Modulation of drug cytotoxicity by reintroduction of wild-type p53 gene (Ad5CMV-p53) in human pancreatic cancer.
|Modulation of drug cytotoxicity by reintroduction of wild-type p53 gene (Ad5CMV-p53) in human pancreatic cancer.
|Year of Publication
|Cascalló, M, Calbó J, Gelpí J L., and Mazo A
|Cancer Gene Ther
|Adenoviridae, Antimetabolites, Antineoplastic, Apoptosis, beta-Galactosidase, Cell Cycle, Cell Survival, Cisplatin, Cultured, Deoxycytidine, DNA Damage, Dose-Response Relationship, Drug, Genes, Genetic Vectors, Humans, p53, Recombinant Fusion Proteins, Transfection, Tumor Cells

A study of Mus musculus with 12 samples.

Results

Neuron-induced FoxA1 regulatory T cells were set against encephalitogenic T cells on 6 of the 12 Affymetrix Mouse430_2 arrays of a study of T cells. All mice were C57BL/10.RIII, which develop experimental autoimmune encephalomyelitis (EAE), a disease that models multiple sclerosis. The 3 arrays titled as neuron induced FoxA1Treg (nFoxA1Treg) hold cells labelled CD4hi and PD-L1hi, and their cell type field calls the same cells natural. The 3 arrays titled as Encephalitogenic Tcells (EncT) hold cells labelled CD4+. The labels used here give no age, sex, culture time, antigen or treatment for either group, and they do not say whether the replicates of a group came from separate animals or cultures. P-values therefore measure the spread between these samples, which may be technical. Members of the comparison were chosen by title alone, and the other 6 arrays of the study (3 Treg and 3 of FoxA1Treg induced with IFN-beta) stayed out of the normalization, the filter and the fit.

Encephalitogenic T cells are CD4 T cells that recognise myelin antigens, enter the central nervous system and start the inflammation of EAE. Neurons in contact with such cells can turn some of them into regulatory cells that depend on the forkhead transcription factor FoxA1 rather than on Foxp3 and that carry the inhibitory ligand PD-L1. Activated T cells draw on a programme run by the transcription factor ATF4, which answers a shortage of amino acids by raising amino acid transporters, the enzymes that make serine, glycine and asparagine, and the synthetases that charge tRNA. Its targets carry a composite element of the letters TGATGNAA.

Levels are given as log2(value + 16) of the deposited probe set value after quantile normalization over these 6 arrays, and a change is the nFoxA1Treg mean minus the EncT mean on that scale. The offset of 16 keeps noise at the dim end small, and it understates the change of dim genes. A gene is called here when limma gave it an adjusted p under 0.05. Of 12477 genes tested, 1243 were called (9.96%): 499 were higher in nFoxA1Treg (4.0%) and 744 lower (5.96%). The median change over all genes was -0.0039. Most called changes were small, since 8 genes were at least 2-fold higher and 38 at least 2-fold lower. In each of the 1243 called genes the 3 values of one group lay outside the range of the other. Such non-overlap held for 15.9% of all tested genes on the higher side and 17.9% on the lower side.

Chemotherapy does not significantly improve prognosis in pancreatic cancer. New therapeutical approaches involving p53 gene replacement appear to be very encouraging due to the key role of p53 in the cell response to DNA damage. Here, we have evaluated the effectiveness of combining wild-type p53 (wt-p53) gene reintroduction (Ad5CMV-p53) and exposure to two genotoxic drugs, gemcitabine and cisplatin, in several human pancreatic cell lines. The efficiency of the combinations was clearly dependent upon timing, as assessed by cell survival determinations. Although wt-p53 transduction before drug treatment induced chemoresistance, p53 transduction in cells treated previously with gemcitabine increased cytotoxicity. Cell cycle profiles showed significant decreases in the percentage of cells in the S phase as a consequence of arrests provoked by the expression of exogenous p53, reducing the number of cells susceptible to the drug. The sensitivity of cells to cisplatin, which has a lower degree of S-phase specificity, was not modified as much by p53 gene replacement. In contrast, the recognition of the previous drug-induced DNA damage by the newly expressed wt-p53 elicited increases in sub-G1 populations, consistent with the annexin determinations and bax/bcl-2 ratios observed. Experiments on subcutaneous pancreatic xenografts corroborated the effectiveness of this approach in vivo. Thus, the combination of p53 transduction and chemotherapy, under a correct schedule of administration, appears to be a very promising therapy for human pancreatic cancer.